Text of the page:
From Contemporary Artists. 5 ed. Detroit: St. James Press, 2001
Sophie Calle (b. 1953 Paris, France)
With no formal art training, conceptual artist Sophie Calle first came to the gallery world in 1979 through the suggestion of a critic and curator who had learned of Calle’s obsessive-compulsive documentation of strangers’ lives, whom she followed secretly through the streets of Paris. That year, feeling lost and directionless after returning to her now-unfamiliar hometown from seven years of travel abroad, she had begun trailing randomly chosen individuals in hopes of developing, like them, a comfortable routine. The photographs and notes she took on these excursions (in much the same style of Vito Acconci’s earlier Followings) culminated in works such as her 1980 piece, Suite Vénitienne. In this piece, begun after she serendipitously met one of her city “guides” at a gallery opening, Calle secretly followed the subject on a trip to Venice. Using wigs to disguise herself and mirrored lens attachments to take photographs of her subject without his knowledge, she compiled her imagery and text from the two-week trip into an exhibition. She returned to Venice the following year for another fact-finding mission, this time, serving as a chambermaid for three weeks at a hotel, during which time she documented and photographed the belongings of the guests whose rooms she cleaned. L’Homme Au Carnet (1983) took her spy ring to new extremes. After finding a lost address book on a Paris street, the artist photocopied its pages before sending it back to its owner, then began calling those within its pages, asking them for information about its owner, who had left the country to work in Norway. Calle then compiled her findings and photographs into monthly columns for the French newspaper Liberation, expanding outside participation in her work to include not only “informants” but a large, popular audience.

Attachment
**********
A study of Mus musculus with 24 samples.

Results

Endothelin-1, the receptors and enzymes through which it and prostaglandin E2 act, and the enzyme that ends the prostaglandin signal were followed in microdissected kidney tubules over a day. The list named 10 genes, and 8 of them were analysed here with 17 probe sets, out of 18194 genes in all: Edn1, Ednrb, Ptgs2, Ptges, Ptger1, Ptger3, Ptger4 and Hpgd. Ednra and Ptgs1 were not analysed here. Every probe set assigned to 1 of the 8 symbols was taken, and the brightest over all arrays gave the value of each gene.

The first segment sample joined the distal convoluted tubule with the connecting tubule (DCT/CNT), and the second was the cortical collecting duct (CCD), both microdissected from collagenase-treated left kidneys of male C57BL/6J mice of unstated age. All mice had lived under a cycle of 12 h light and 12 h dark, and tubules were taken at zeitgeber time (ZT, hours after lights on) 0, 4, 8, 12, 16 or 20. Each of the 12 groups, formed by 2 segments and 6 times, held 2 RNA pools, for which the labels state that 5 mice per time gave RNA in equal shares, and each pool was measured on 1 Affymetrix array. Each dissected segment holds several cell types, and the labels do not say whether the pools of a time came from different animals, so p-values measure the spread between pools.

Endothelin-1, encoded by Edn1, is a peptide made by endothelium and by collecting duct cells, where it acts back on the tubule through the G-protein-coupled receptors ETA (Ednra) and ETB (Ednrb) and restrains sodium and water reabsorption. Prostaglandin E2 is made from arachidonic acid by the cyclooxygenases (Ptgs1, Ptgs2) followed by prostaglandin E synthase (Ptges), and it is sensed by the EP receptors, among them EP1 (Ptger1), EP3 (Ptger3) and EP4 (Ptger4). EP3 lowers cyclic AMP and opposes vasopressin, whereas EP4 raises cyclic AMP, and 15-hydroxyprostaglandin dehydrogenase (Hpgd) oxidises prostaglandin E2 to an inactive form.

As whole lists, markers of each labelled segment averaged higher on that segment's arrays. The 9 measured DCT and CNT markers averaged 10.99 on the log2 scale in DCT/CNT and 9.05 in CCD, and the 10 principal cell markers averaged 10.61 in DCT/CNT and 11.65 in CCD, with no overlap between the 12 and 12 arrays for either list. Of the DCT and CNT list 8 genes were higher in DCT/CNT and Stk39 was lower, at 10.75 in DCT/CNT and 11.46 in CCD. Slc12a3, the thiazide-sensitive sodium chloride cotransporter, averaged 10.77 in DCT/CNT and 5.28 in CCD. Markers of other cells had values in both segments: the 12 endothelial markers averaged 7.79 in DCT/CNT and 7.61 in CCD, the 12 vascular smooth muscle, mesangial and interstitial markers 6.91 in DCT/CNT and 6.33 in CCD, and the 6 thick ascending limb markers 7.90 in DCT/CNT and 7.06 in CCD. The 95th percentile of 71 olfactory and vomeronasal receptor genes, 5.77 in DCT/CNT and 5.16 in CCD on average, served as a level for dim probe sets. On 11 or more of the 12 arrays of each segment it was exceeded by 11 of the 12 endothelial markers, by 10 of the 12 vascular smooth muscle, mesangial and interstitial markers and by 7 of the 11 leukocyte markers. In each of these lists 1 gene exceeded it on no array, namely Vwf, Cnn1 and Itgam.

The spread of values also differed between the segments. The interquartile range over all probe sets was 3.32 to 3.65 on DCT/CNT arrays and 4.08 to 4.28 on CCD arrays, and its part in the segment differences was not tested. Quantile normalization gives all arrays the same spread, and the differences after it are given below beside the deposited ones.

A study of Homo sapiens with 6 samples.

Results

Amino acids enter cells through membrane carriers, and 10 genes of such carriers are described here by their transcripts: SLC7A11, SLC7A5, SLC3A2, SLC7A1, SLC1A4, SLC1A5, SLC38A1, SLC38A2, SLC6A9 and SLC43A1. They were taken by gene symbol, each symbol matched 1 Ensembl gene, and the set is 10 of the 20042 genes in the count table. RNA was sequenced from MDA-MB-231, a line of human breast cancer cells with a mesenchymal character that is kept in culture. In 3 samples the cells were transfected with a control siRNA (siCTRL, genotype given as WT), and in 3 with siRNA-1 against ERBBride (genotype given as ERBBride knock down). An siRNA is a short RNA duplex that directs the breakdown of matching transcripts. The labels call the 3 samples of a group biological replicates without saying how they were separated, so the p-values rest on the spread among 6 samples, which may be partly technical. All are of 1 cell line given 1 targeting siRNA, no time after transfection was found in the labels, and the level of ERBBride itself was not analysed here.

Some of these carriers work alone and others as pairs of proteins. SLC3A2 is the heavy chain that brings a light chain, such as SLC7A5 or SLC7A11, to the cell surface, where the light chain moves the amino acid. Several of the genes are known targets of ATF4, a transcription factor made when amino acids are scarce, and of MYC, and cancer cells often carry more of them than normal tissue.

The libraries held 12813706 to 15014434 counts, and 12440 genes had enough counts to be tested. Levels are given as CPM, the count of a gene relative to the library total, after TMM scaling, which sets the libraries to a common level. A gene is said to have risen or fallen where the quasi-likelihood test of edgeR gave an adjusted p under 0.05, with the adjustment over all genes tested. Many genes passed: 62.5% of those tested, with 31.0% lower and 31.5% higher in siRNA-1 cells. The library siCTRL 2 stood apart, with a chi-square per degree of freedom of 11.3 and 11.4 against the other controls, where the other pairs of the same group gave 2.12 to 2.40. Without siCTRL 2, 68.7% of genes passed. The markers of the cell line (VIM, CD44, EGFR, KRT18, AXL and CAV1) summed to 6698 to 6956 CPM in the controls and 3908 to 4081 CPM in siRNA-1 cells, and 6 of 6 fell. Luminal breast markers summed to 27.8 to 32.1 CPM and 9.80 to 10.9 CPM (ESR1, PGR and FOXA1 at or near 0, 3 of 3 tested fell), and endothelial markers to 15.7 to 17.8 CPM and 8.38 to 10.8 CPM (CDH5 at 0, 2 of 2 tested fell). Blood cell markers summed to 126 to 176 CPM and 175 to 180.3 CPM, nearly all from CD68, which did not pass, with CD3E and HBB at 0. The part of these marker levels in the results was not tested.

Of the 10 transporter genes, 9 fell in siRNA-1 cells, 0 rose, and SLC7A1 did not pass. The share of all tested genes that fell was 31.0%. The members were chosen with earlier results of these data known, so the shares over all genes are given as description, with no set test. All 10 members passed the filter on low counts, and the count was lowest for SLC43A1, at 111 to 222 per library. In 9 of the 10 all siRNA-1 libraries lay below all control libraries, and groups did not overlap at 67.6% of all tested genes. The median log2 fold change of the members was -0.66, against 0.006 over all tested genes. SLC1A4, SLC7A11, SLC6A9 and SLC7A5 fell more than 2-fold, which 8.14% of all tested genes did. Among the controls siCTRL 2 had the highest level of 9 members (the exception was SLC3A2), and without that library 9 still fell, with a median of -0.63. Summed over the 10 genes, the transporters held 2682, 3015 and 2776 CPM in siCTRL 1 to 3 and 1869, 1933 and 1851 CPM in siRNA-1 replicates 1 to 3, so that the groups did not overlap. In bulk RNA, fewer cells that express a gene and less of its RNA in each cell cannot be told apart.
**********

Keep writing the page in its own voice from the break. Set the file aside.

Recently, however, Calle has more frequently turned her spy lens toward herself, creating works in which the artist’s own life and memories are presented for both the artist’s and audience’s scrutiny. Double Blind (1993), a video collaboration with her then-lover Gregory Shepard, documents each artist’s perspective on their doomed romance during a cross-country trip across the United States. The exhibition and book Double Game (1998) repeats this pas à deux, this time through a call-and-response collaboration with writer Paul Auster, whose character Maria Turner in the novel Leviathan was inspired by Calle herself. The first section is a brief retrospective of the various Calle works that inspired Auster to invent Turner’s in the novel; in the second section, Calle documents herself acting out her fictional alter-ego’s performances from Leviathan; and in the third Calle documents her enactment of performances that Auster conceptualized specifically for her to enact for Double Game. True Stories (or Personal Museum, 1996) also opened up the artist’s history as an object of study, this time in the form of a personal “retrospective” not of artworks she created but objects she accumulated that symbolize events in the artist’s life—a shoe stolen as an adolescent, her first lover’s bathrobe, a wig from her job as a stripper. The works are accompanied by intensely personal text on both the gallery walls and a script read by the artist on a personal audioguide, explaining the significance behind the objects. This interest in the museum as not only a repository for objects, but a site of memory and meaning led to the Absence, Ghosts, and Last Seen series, which address curatorial issues as well as the subject of loss, in their attempt to “reconstruct” removed or stolen objects from museum collections through wall texts comprised of museum visitors’ and guards’ memories of the works.
The significant constant in Calle’s work is also that which inevitably makes its viewers most uneasy—her detached and highly formal presentation of the often unflattering and messy reality of life, even as she attempts to undermine that same reality through her cool, scientific tone. Although she superficially appears to master her subjects’ or her own awkward lives, her efforts to do so are always thwarted—the detective is discovered, the chambermaid is caught peeping, the witness reveals too much—and the audience oscillates between cringing at the intimacy of her findings and at their own complicity in her voyeurism. Calle’s dual role as an artist who both controls and is and victim to her own desire to look is often read as containing a feminist subtext, considering the Freudian belief in women’s inability to take part in such scopophilic pleasures. By asserting the possibility of a female “gaze” in the economy of visual pleasure, Calle’s work suggests the potential of women seizing its power.